In the midst of divorce and separation, almost everyone suffers from emotional insecurity at one time or another. Hell, when you are reeling from rejection from hurt and loss, from bewilderment and fear, or the feeling that you were not quite good enough, even the most confident amongst us can start to feel a little emotionally vulnerable and unsure of ourselves. Feelings of insecurity, divorce anger (what the heck is that?), and that sense of failure that comes with marriage breakdown can make it difficult to think or behave rationally. Those feelings can also cause us to be overly protective of our relationships with our kids and of how we parent them. This can all lead to conflict and tension and difficult interactions with our ex making the feelings of insecurity even worse. Results? A vicious cycle with detrimental and destructive results.
There's enough love to go around
With time (and a good dose of maturity and humour) any feelings of insecurity should fade away. Common sense typically prevails, leaving us with the awareness that, when a child expresses love, admiration or respect for their other parent, it doesn't diminish their love for us.
However, when caught up in this emotional self-doubting vortex, parents can be especially susceptible to feelings of competition with one another. They can enter into a contest for their child's love and affection and for the title of best or favourite parent, perhaps not even realizing that they have been drafted into the competition. They can also tend to forget that, from a child's perspective, there is ALWAYS enough love to go around.
Having one's former spouse repartner is a common stressor for many divorced and single parents. The arrival of a stepparent onto the scene can trigger parental insecurity. It can also give rise to a sense of competition with the newcomer disrupting settled parenting arrangements or exacerbating ongoing difficulties between parents – to the detriment of the children caught in the middle. Competition for affection between parents, divorced or otherwise, and also between parent and stepparents is a no-win road to damaging children and their relationships with the adults who love them.
Common types of competition seen in separated and stepfamilies can include:
American rapper, songwriter, and entrepreneur Lil Wayne and his ex, reality star, Toya Wright, may be a prime example of having fallen into the trap of competing for their 16 year old daughter's, Reginae's affection. For Reginae's sweet 16, she reportedly received not one but two expensive luxury cars: a red BMW SUV from her father and a white and black Ferrari GTO from her mother!
One-upmanship and rivalry between you and your ex, (or between you and your ex's new partner) spoken or unspoken, can have a strong negative effect on your children. Whether or not you express it verbally, kids can recognise – and pick up on – the conflict of loyalties and sense of competition that can develop between adults, and families, in and around divorce. In Reginae's case, whilst she seemed super elated over both vehicles (if her reaction on YouTube is anything to go by), if one car (or parent) surfaces as a favourite it could be a complicated development in terms of her parent's relationships with one another and also with her, as she moves further into adolescence.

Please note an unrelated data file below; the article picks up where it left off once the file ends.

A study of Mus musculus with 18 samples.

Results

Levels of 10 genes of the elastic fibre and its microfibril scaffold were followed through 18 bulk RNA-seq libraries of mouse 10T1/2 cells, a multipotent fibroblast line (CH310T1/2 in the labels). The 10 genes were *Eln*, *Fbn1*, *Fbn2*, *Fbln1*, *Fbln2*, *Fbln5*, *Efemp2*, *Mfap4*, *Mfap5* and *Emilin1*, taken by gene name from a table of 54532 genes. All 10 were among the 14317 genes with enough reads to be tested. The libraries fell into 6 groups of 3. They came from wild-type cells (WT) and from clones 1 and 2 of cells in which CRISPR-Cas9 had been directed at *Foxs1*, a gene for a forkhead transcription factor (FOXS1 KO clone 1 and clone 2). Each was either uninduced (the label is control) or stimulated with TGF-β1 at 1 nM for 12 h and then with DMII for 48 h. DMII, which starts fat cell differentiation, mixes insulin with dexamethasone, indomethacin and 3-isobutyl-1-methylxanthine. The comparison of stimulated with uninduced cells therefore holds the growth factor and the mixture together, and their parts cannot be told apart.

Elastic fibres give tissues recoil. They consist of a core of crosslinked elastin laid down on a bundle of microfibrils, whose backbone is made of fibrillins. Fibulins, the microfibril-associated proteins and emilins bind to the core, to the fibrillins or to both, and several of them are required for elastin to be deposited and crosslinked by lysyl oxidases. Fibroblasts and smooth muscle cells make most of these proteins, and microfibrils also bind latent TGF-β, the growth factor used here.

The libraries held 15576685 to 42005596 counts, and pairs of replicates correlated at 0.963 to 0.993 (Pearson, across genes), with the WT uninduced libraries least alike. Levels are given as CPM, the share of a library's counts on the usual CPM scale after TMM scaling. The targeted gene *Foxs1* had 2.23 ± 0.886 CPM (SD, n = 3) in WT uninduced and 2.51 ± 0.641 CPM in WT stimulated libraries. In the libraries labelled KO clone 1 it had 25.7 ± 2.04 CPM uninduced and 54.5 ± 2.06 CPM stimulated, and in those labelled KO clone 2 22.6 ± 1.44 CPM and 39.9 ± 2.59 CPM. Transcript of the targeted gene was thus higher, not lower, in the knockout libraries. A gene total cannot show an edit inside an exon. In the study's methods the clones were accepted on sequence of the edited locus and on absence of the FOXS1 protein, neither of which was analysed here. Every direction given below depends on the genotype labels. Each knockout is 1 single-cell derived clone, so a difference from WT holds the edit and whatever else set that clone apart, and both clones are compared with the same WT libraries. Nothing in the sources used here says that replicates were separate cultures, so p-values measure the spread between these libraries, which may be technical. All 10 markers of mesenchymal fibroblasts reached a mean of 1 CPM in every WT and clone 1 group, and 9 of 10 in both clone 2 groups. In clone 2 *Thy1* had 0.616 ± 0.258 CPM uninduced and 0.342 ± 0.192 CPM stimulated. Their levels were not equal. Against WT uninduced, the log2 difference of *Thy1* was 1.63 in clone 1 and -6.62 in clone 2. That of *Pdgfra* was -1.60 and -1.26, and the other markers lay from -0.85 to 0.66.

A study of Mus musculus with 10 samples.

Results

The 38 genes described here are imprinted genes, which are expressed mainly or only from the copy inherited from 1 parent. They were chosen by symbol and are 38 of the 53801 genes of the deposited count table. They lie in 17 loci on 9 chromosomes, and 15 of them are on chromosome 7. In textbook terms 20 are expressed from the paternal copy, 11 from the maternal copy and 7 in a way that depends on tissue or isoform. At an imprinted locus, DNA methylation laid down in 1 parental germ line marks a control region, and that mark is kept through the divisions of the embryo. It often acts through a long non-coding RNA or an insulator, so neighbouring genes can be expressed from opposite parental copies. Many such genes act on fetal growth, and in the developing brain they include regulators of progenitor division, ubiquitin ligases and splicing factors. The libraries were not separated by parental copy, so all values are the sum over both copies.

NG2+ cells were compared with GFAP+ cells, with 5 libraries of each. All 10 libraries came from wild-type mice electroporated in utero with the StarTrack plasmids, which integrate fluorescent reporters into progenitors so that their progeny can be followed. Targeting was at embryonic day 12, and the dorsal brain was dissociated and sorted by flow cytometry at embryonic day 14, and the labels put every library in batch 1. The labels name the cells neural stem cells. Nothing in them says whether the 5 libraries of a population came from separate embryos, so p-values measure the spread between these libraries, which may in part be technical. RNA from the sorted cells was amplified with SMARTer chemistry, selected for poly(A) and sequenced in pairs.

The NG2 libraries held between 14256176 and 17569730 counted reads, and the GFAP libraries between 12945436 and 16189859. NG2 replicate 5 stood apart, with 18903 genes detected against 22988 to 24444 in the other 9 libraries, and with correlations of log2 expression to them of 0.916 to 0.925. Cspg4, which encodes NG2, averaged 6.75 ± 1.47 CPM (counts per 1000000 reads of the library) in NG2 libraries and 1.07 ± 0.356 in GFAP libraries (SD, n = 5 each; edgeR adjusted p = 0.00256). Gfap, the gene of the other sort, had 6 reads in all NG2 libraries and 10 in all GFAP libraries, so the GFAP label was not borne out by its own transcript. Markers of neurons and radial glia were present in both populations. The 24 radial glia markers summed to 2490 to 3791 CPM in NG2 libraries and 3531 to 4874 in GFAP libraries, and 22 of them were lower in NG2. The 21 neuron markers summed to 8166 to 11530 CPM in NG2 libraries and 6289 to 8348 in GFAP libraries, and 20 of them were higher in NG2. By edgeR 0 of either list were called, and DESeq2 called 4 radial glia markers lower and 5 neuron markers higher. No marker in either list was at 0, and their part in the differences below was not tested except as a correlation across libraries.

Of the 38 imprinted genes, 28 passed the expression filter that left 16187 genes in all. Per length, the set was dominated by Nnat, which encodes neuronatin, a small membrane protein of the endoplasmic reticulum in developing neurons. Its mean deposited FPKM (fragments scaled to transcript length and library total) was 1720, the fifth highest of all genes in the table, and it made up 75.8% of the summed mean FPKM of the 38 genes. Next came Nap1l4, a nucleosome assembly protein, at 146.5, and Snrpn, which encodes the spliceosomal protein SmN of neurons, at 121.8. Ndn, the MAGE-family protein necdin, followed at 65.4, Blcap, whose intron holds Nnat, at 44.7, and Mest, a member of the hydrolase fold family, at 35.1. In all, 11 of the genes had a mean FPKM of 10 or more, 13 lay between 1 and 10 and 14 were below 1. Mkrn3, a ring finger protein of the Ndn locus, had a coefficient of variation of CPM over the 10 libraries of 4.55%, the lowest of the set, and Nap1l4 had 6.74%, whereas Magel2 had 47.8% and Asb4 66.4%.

Whilst competing with your ex and their household may go some way to meeting your own personal needs and help you to feel valued and wanted or possibly even satisfied at getting back at the ex, it really only places the kids in the middle of a no-win tug-of-war. After a while any self-respecting child or teenager, wise to the competition between their parents, will likely start playing one parent and household against the other to get what they want and to get their own way. Furthermore lax boundaries and inconsistent routines can confuse children and leave them feeling insecure and unsafe.
Children of competing parents are also much more likely to act up or to say things that they think their parents want to hear for attention as they see that this is something that their parents are willing to do and they want to please them. Spoiling your kids with toys and expensive gifts, in addition to complicating your relationship with your ex-spouse, can also sabotage your own financial goals, potentially damages your children's relationship with money and teaches them no life lessons about fiscal responsibility. It also has the potential to create overindulged and spoilt brats.
As a parent or a stepparent, it's vital not to play into these kinds of competitive and comparison games. It is destructive to your relationships with your children, your co-parenting relationship with your ex and to your children's overall emotional wellbeing. Ultimately competition is for sport, for board games, for World Cups and Olympic glory. It does not have a role to play in post separation parenting if your goal is to raise happy, healthy and well-adjusted children. When there are two of you actively involved in parenting and raising your kids, then there is really no room for thinking one of you is better than the other and trying to score points with your kids – you and the other parent without doubt each have something different to offer and your kids not only need all of it, they inevitably love you both too!
As a parent, where do your insecurities lie? When have you competed with the other parent?